Meet The Dev Who’s Still Making Physical Game Boy Games


Indie developer Dana Puch, on the other hand, isn’t so eager to let the past fade. Puch runs Greenboy Games, a one-person studio that exclusively develops Game Boy titles. We’re not talking games simply inspired by Nintendo’s classic handheld, either — they’re released exclusively as working Game Boy cartridges. Greenboy only offers ROMs of the games to people who buy the physical game — that’s how serious Puch is.

With a new game called The Shapeshifter on the horizon, I spoke with Puch about why he’s so committed to the Game Boy. It all comes from a love of the handheld and a desire to slow things down in a fast-paced world.

Creativity by restriction

Puch began developing video games in 2012. He began by creating PC titles and browser-based projects, before experimenting with mobile games. Unsatisfied by his work, he turned to a platform that was a big part of his childhood: Nintendo’s original Game Boy, first released in 1989.

“For many of us who were born in the 1980s, the launch of the Game Boy was something we experienced with great intensity,” Puch tells Digital Trends. “Since I was a child, I dreamed of developing a game for this console, but for various reasons I considered it impossible. The dev kits, especially the GBDK, made developing for this console a lot easier, so I gave it a try and was hooked.”

That led Puch to start developing Game Boy games in 2017. Puch’s earliest projects were more micro experiments than anything. Leo Legend, released in 2018, is a soccer game that simply asks players to kick a ball into a net, or make saves as a goalie. He followed that up with Submarine 9, a small title where players would tap buttons to block incoming torpedoes.

While they weren’t the most sophisticated titles, they certainly looked the part. They all feature faithful pixel art and that familiar green hue that graced original Game Boy games. For some, the rudimentary nature of the Game Boy might be frustrating, but Puch finds inspiration in the handheld’s limitations.

“I often compare it to a movement from the ’60s called OULIPO – creativity by restriction,” says Puch. “You must be creative with some restrictions given beforehand. In the case of a Game Boy game, you need to be creative with a game that sizes between 32kB and 1MB max, with 160×144 pixels resolution, with only 4 colors, with limitations of 40 objects per screen, limitation for objects per line, you can’t use more than 256 tiles, etc.”

Puch embraces the challenge and is always looking to raise the bar. His latest game, The Shapeshifter, is his most ambitious project to date. It’s a full-on adventure title where players can transform into different animals to solve environmental puzzles. The game was successfully crowdfunded via Kickstarter, hitting enough stretch goals to add extra levels to the game.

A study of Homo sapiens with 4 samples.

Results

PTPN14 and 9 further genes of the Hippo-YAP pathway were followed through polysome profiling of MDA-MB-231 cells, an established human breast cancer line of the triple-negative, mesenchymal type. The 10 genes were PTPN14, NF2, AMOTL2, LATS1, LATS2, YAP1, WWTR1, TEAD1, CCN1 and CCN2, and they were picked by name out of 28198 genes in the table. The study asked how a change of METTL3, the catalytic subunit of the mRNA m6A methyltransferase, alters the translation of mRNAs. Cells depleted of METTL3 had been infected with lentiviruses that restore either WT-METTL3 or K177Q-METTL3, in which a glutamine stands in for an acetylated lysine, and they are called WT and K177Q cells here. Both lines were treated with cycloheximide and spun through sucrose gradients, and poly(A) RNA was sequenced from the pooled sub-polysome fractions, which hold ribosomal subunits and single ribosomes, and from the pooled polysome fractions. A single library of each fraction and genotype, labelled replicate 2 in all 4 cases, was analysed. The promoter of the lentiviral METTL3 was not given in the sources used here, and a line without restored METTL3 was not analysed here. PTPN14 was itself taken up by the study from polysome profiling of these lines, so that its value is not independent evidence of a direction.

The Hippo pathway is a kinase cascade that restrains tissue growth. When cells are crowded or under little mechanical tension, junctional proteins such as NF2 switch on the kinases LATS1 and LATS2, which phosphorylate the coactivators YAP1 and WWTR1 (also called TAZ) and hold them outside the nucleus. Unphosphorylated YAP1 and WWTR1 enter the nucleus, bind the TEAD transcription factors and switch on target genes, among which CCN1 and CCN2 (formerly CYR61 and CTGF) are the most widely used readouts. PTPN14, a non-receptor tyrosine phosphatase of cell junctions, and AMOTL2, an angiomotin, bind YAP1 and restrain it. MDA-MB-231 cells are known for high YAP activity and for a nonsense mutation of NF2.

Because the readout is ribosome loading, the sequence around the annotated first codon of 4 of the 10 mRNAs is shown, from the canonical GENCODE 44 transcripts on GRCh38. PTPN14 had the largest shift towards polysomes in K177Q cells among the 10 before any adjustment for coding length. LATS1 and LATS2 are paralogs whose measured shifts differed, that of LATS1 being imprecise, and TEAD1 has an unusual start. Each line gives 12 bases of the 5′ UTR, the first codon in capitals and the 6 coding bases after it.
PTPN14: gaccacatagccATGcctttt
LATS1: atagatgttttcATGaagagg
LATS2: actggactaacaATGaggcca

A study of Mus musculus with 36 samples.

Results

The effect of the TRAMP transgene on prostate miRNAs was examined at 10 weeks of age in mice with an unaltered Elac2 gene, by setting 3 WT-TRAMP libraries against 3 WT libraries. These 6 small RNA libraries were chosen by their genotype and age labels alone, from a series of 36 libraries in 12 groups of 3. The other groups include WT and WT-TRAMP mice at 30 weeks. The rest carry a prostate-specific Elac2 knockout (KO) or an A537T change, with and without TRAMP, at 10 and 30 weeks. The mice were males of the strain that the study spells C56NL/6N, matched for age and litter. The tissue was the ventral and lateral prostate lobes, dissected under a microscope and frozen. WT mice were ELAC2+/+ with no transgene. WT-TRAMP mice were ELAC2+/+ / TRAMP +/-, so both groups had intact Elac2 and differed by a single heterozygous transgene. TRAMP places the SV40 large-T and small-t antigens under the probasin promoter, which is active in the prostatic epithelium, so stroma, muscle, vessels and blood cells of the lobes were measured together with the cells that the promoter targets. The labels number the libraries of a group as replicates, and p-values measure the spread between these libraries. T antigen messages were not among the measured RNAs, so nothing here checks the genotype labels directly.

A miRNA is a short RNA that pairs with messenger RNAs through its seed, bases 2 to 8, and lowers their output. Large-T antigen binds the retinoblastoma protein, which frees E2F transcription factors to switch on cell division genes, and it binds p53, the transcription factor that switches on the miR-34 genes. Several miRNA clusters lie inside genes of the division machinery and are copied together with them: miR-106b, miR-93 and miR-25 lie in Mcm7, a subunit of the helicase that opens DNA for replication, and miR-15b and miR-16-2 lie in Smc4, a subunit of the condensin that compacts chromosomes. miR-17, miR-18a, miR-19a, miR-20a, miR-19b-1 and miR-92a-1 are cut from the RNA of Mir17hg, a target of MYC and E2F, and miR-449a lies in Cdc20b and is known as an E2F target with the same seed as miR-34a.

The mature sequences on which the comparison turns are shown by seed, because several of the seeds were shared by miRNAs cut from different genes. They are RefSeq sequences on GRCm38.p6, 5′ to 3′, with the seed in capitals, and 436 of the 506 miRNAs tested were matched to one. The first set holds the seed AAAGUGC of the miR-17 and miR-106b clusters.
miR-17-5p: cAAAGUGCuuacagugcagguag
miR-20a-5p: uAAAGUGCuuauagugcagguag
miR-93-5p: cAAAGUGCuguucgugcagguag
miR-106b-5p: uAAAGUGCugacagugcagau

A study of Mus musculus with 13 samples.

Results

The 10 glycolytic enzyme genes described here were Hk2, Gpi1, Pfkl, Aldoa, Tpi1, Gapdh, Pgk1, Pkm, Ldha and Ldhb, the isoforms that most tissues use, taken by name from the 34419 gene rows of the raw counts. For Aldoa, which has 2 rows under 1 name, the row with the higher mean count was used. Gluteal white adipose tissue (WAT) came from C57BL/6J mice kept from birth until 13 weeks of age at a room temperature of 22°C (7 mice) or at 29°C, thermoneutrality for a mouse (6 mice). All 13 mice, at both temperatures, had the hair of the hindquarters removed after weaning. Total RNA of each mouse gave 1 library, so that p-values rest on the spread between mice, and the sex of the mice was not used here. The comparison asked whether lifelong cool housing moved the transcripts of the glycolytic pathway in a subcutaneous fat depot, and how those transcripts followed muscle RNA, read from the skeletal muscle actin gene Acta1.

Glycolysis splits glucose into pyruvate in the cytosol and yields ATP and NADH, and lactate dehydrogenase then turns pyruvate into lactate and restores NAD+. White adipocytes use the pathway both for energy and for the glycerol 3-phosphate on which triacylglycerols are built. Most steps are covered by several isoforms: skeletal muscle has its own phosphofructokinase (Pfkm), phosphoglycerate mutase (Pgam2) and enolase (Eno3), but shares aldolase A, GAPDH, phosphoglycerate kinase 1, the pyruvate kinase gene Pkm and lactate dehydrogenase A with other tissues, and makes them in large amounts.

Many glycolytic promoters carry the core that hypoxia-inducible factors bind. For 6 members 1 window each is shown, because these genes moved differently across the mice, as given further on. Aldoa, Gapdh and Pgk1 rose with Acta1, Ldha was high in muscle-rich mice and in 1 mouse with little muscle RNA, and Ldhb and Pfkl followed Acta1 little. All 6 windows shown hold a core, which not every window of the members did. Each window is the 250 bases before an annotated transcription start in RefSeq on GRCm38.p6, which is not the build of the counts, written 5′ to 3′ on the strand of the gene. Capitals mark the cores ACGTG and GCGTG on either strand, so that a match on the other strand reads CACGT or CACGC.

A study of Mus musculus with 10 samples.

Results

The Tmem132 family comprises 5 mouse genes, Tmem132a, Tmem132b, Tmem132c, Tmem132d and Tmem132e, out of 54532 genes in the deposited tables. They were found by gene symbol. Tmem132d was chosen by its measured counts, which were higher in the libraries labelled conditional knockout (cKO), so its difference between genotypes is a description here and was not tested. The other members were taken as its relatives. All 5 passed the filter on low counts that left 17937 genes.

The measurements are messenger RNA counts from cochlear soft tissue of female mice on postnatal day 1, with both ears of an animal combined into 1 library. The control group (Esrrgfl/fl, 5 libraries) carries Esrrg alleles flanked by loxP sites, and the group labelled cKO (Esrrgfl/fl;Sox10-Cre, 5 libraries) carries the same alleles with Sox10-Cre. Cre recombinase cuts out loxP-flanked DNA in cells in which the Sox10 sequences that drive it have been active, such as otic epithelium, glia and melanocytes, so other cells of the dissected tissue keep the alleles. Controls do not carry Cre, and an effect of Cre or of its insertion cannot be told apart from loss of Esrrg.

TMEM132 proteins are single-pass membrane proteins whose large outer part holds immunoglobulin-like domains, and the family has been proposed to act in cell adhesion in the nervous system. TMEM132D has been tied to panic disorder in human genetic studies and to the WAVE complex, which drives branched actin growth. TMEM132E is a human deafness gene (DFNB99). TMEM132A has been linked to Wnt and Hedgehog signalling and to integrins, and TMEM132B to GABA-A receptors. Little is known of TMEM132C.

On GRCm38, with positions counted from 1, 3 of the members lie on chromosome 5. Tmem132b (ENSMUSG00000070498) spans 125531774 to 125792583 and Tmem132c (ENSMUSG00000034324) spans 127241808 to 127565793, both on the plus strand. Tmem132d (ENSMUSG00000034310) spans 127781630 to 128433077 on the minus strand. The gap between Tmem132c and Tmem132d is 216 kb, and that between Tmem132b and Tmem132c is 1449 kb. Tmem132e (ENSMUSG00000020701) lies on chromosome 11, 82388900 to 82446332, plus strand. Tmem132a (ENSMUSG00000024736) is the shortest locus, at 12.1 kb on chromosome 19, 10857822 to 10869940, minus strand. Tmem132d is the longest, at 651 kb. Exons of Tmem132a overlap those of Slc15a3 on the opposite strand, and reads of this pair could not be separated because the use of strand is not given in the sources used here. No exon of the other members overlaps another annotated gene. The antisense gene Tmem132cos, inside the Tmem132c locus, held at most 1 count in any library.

Puch already has three more games in development, including a sequel to The Shapeshifter, so he won’t be moving on any time soon. When asked if he’d consider switching to the NES, Puch makes it clear that that’s not where his heart is.

“It’s not what I enjoy the most. I’ll keep developing for Game Boy,” says Puch.

Staying true to history

What’s most notable about Greenboy Games is its commitment to the physical Game Boy experience. Greenboy’s games are sold as faithful reproductions of classic Game Boy games. They come in a classic square box, which replaces Game Boy with Greenboy, complete with a manual and working cartridge. Like many in the retro homebrew scene, Puch utilizers publishers like Incube8 Games and Mega Cat Studios, which specialize in niche physical releases like this.

It’s a lot of effort to put into a very niche passion project, but it has a deeper significance for Puch beyond simple nostalgia.

“It’s a way of keeping the essence of what the video game era has been to date,” says Puch. “The spirit that I wanted to maintain has been the preservation of the cartridge game and the Game Boy as a console.”

Puch believes it’s important for gamers to remember the kind of physical experiences that brought us to where we are today. He sees it as a matter of taking time to slow down in an industry that always feels like it’s moving a mile a second. To sit down with a piece of “obsolete” tech like the Game Boy is to enjoy a rare moment of calm where we can reflect on gaming’s roots, rather than constantly look toward the next big thing.

“In the era that we live in, everything happens very fast,” Puch says. “Everything appears and disappears surprisingly quickly … Trends, fashion, games, etc. Retro machines still have a long way to go. They must teach young generations the roots of video games — to touch and feel the systems that gave life to everything that we currently know.”

“We go slow at Greenboy Games. We don’t want to run fast, grow fast, expand fast. We prefer to slowly enjoy the journey.”